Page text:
Protestants in Irish Fiction 2: Garret Deasy.

Protestants in Irish Fiction 2: Garret Deasy.

Of every thousand people who claim to have read Ulysses, James Joyce’s enormous novel set in the Irish Metropolis, the second city of the United Kingdom on 16 June 1904, I reckon that nine hundred will actually have given up before the hundredth page. Out of the other hundred, ninety will see the experience as a sort of cultural penance but the other ten, Dear save us, will become obsessed.

Among other things, this means that Stephen Daedalus’ interview with Garret Deasy, the headmaster of the school where he is teaching only in order to earn money, is one of the few episodes in the book which most people who claim to have read it will actually have read, since it’s near the beginning.

Garret Deasy is not a simple character. To me, it seems clear that he is a Presbyterian: he represents himself as a descendent of rebels who then became unionists; he shows the Presbyterian respect for the value of work and of money; the characteristic, contemporary Presbyterian concern for the rights of the tenant farmer – he writes a letter to the ‘papers arguing that an outbreak of foot-and-mouth disease would be containable and should not lead to an embargo on Irish beef – and a Presbyterian bluntness. If he was a neighbour of Stephen, Buck Mulligan and Haines at Sandycove, he might have been a member of, what was then, the Kingstown congregation. On the other hand, he might, actually, have been a Non-Subscriber since, later, fun is made of his relationship with his wife and Non-Subscribing Presbyterian women were especially prominent in the struggle for women’s suffrage.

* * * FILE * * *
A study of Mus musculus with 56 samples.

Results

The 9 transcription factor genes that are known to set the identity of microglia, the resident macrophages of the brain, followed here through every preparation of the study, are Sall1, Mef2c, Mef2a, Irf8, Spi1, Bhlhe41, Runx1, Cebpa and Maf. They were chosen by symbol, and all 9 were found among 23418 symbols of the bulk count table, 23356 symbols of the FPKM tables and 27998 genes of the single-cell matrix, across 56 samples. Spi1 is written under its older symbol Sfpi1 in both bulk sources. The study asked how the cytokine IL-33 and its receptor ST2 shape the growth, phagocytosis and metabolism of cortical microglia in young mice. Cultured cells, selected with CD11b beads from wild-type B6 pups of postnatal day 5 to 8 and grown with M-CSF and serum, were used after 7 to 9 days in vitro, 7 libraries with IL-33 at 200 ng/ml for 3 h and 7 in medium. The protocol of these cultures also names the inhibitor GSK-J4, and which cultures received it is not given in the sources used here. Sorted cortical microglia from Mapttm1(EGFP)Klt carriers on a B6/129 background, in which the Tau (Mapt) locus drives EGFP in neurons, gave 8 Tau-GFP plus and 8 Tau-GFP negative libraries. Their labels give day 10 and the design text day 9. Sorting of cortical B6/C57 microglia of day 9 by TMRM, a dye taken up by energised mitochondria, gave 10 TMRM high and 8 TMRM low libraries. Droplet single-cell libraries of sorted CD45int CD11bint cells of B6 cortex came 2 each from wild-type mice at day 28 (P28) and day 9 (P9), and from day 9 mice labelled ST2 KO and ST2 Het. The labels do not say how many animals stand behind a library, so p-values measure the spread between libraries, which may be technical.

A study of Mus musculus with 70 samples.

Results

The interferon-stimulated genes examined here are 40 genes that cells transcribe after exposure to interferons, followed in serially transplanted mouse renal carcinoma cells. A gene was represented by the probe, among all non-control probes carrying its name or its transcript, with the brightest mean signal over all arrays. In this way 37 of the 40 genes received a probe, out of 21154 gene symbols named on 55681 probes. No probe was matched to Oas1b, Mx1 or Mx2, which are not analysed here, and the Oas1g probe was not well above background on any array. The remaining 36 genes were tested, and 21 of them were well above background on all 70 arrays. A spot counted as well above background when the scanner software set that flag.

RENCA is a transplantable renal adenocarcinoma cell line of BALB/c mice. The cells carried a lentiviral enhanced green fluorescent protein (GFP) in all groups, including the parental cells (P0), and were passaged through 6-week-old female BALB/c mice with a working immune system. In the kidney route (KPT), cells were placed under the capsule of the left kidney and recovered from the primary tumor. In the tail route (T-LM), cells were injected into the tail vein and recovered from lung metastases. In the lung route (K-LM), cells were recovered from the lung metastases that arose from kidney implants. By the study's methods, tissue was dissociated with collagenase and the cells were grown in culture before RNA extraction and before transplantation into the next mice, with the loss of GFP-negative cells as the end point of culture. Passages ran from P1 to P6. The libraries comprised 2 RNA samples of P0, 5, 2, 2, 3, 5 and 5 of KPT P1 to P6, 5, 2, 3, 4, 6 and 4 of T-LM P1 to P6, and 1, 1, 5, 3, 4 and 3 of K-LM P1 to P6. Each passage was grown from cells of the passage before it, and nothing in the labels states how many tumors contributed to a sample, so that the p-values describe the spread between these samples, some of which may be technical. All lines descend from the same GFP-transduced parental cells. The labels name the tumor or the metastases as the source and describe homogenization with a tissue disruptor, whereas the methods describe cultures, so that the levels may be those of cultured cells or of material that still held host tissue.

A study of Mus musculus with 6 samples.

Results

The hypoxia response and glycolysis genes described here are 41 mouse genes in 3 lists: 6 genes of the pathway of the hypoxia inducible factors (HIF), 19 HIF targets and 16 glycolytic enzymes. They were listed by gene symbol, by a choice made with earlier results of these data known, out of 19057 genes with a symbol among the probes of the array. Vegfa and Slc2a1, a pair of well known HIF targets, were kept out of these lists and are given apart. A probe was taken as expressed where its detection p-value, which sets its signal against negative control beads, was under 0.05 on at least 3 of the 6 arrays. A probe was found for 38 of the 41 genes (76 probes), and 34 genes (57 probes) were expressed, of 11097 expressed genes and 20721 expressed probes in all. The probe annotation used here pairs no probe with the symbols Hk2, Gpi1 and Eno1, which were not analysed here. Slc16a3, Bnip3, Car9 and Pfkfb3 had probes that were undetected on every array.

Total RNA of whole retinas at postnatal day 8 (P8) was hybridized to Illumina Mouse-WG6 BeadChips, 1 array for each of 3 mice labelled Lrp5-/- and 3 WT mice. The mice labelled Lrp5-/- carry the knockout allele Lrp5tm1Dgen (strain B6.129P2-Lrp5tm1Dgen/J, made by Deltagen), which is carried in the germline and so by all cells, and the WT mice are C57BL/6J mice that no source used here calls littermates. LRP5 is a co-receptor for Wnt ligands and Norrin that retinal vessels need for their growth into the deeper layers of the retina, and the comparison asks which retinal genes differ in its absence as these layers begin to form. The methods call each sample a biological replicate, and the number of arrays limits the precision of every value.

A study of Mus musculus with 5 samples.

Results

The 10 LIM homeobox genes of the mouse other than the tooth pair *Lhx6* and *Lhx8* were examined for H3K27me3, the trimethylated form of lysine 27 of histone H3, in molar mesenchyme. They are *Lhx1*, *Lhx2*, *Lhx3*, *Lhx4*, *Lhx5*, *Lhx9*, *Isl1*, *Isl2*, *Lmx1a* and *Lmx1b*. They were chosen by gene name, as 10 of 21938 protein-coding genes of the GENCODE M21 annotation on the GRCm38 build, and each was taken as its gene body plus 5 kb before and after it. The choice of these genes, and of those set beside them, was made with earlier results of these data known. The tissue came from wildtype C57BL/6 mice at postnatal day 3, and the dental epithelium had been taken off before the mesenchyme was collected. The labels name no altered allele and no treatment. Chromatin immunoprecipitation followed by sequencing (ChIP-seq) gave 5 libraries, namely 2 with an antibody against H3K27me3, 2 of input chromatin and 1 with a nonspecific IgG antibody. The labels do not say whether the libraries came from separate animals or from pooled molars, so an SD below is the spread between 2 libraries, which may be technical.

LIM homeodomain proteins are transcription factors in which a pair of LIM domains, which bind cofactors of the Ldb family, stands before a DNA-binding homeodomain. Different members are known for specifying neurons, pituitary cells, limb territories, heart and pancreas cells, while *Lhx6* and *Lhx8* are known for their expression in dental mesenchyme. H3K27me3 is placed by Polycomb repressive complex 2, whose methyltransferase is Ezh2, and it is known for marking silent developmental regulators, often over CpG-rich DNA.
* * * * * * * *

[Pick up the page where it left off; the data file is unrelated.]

I propose that Joyce may have meant him to be contrasted with The Citizen, since both deal with money – Deasy frugally, the Citizen as a drunken spendthrift; both talk about politics – Deasy good humouredly, The Citizen intemperately; both talk about the Jews – Deasy with a poor joke, the Citizen with violence.

Deasy is interesting in another way, in that he used to be viewed in a generally positive light by critics, but by modern ones very negatively. This is partly because he is a unionist, and a unionist must necessarily be a bad person; some critics actually refer to him as an ‘Orangeman’ and what could be worse than that? The other reason for this negative analysis is his northern bluntness, his willingness to say what he thinks unequivocally.

Actually, in spite of the pomposity and bluntness, he treats Stephen not only fairly but with a respect that a person in his position had no obligation to render. He also gives him some very good advice about life which Stephen entirely fails to heed.

The difference between the fairly positive view of Deasy which I reckon Joyce had and the almost exclusively negative one which prejudiced commentators take today is a timely reminder to us of the Truth that Deasy would have reckoned to be the Ninth Commandment and Stephen, if he thought of it at all, would have reckoned the Eighth:

Thou shalt not bear false witness against thy neighbour. (Exodus 20:12).